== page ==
MasterCard’s digital wallet a nod to how mobile is driving multichannel convergence

By Chantal Tode


Mastercard's digital wallet will enable mobile payments via NFC


MasterCard is the latest company to throw its hat into the ring for digital payments with a new suite of services intended to simplify the use of making purchases on smartphones.

PayPass Wallet Services brings MasterCard’s PayPass in-store contactless payment brand to the Internet for the first time. The strategy includes a digital wallet that is open and can store credit, debit and prepaid cards as well as coupons and other offers from a variety of sources.

“We’ve been the leader in mobile payments around the world, and have been working on several of the building blocks of what now comprises PayPass Wallet Services,” said Geoff Iddision, group executive for e-commerce at MasterCard, Purchase, NY.

“We believe this is the right time to announce and deploy our strategy,” he said. ”While others have made similar announcements, we have yet to see them gain traction.

“Mobile plays an important role in the deployment of PayPass Wallet Services with smartphones continuing to evolve the payments landscape every day. PayPass Wallet Services will allow consumers to transact from anywhere, whether that’s through the tap and go of a smartphone using NFC, the touch of a screen showing the Buy With PayPass button or management through an iOS/Android-specific mobile application.”

NFC bridge
According to MasterCard, its solution is different from other digital wallets in that it can easily be integrated for merchants.

To make a purchase with the PayPass Wallet, consumers click on a PayPass Wallet icon on participating standard and mobile Web sites, then enter a user name and password. This automatically completes the transactions via the default credit card account for the wallet.

Users are not required to enter a 16-digit credit card number or their shipping and billing address.

The solution is designed to make it easy for consumers to make purchases online via a mobile device, PC or Internet-connected TV. Near-field communications enabled smartphones can also be used for tap-and-go purchases made at bricks-and-mortar retail stores that have PayPass-enabled point-of-sale terminals.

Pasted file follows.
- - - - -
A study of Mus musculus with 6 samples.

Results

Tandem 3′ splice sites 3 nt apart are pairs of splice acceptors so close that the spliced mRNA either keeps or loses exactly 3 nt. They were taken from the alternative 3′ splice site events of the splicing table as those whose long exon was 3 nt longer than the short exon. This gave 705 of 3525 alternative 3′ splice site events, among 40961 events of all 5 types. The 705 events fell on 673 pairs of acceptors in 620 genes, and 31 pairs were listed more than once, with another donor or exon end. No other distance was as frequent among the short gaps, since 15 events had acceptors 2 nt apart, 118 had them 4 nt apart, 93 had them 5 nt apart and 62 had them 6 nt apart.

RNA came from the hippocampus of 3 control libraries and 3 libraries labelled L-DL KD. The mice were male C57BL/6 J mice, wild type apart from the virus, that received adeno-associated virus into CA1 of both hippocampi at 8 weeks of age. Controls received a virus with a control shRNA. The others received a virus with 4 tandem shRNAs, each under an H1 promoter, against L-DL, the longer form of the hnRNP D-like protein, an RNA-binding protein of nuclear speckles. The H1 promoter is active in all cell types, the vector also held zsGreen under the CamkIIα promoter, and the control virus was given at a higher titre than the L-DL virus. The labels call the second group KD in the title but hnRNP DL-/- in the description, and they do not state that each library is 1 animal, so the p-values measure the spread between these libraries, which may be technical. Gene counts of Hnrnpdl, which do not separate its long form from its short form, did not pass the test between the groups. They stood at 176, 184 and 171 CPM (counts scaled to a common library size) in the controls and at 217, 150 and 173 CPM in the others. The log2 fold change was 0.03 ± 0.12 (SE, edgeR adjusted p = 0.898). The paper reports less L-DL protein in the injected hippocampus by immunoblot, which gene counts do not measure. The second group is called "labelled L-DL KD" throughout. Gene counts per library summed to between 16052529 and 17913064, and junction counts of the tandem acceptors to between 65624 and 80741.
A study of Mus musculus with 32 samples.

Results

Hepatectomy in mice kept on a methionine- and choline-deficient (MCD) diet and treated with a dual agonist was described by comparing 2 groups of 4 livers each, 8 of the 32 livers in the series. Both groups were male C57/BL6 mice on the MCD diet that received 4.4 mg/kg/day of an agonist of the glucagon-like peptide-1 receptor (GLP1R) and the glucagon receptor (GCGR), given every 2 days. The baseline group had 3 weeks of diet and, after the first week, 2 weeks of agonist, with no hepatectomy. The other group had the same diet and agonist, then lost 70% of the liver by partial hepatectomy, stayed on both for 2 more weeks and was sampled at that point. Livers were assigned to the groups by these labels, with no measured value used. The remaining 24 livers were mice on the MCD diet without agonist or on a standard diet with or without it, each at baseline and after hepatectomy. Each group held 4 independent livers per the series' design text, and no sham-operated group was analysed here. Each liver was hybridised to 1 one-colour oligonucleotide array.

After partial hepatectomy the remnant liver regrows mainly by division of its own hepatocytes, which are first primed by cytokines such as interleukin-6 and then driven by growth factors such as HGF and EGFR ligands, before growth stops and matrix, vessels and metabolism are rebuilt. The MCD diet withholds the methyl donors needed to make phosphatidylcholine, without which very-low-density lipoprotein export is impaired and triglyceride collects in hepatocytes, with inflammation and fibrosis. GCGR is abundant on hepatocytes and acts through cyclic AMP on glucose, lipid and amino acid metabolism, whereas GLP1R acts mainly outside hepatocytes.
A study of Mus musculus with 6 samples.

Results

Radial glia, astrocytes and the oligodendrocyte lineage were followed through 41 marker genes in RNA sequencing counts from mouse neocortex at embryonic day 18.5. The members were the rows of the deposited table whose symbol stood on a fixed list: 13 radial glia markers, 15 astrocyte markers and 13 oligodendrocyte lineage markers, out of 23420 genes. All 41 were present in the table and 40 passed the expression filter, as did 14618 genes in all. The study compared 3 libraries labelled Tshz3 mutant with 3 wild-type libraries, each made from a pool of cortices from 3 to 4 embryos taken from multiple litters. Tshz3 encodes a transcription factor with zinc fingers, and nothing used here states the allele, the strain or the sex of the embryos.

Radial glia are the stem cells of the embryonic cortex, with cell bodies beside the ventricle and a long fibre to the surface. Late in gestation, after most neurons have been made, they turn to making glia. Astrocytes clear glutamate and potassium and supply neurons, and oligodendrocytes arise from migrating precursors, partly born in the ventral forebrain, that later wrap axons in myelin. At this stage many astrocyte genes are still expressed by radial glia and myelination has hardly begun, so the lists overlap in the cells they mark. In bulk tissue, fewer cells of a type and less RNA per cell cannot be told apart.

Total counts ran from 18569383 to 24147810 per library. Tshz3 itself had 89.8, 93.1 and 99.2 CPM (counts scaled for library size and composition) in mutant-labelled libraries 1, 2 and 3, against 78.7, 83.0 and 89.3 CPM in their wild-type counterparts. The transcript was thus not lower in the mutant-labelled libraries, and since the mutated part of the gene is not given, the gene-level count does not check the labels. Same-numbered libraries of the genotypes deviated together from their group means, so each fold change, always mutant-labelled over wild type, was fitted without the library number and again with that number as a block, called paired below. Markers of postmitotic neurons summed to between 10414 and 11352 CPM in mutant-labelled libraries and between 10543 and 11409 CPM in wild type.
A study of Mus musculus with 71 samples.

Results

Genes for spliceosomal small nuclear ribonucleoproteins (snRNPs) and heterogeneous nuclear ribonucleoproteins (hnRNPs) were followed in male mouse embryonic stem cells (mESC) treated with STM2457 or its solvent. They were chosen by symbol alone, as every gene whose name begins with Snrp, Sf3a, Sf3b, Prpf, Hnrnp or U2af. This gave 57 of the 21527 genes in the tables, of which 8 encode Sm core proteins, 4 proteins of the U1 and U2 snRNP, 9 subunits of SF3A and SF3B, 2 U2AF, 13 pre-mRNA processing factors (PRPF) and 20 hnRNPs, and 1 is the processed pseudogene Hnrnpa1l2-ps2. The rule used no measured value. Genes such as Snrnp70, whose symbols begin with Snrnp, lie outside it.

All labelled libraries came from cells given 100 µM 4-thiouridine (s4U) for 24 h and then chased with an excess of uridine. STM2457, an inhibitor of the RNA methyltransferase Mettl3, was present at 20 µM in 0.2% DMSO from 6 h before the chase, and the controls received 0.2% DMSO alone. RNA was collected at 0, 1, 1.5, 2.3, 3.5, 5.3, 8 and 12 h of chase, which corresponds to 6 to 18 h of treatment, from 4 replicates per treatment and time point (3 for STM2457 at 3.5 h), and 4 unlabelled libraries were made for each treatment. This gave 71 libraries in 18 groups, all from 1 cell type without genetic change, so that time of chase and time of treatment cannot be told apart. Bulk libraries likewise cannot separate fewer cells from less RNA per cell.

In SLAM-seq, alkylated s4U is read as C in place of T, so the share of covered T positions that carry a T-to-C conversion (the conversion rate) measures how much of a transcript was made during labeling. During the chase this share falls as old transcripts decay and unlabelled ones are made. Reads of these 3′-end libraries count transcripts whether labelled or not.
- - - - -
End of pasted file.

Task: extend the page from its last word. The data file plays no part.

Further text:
Barnes & Noble and American Airlines are the first merchants signed on to put the PayPass checkout button on their Web sites. American Airlines will also integrate PayPass Wallet into its mobile app.

Other merchants working with MasterCard’s PayPass Wallet Services include Jagex, JB Hi-Fi, MLB Advanced Media, Newegg,, and Wine Enthusiast Companies.

MasterCard will be offering a suite of digital wallet services and developer tools to banks, merchants and their partners to make it easier to connect other wallets into the PayPass Online acceptance network.

Owning the gateway
The service is comprised of three components. PayPass Acceptance Network, which includes PayPass Online and PayPass Contactless, will help merchants accept electronic payments across multiple channels while giving consumers a simple check-out process.

PayPass Wallet is a suite a digital wallet solutions enabling merchants to create their own branded wallets. Shoppers can store payment and shipping information in one convenient and secure place while being able to use a variety of credit, debit and prepaid cards to fund their purchases.

PayPass API allows partners to connect their own digital wallets into the PayPass Acceptance Network.

MasterCard will make PayPass Wallet Services available to partners in the third quarter of 2012, initially in the U.S., Canada, U.K. and Australia.

The services will be expanded to the point-of-sale over time, enabling the delivery of targeted offers, coupons and enhanced loyalty programs.

“I think there is a battle raging that is not part of the press release,” said Gary Schwartz, CEO of Impact Mobile, Toronto, Canada, and author of “The Impulse Economy.”

“It is a battle to own the financial relationship with the consumer – Apple, Google, Visa, ISIS, all want to be the landlord for the secure credentials,” he said. “The winner owns big data and all the money that flows from this.

“MasterCard’s open door policy to third parties is a Trojan strategy to be the gatekeeper — everyone wants this privileged role. The dust has not settled on this two-sided business debate and will not for many years. But remember, the guy who owns the gateway owns big data.”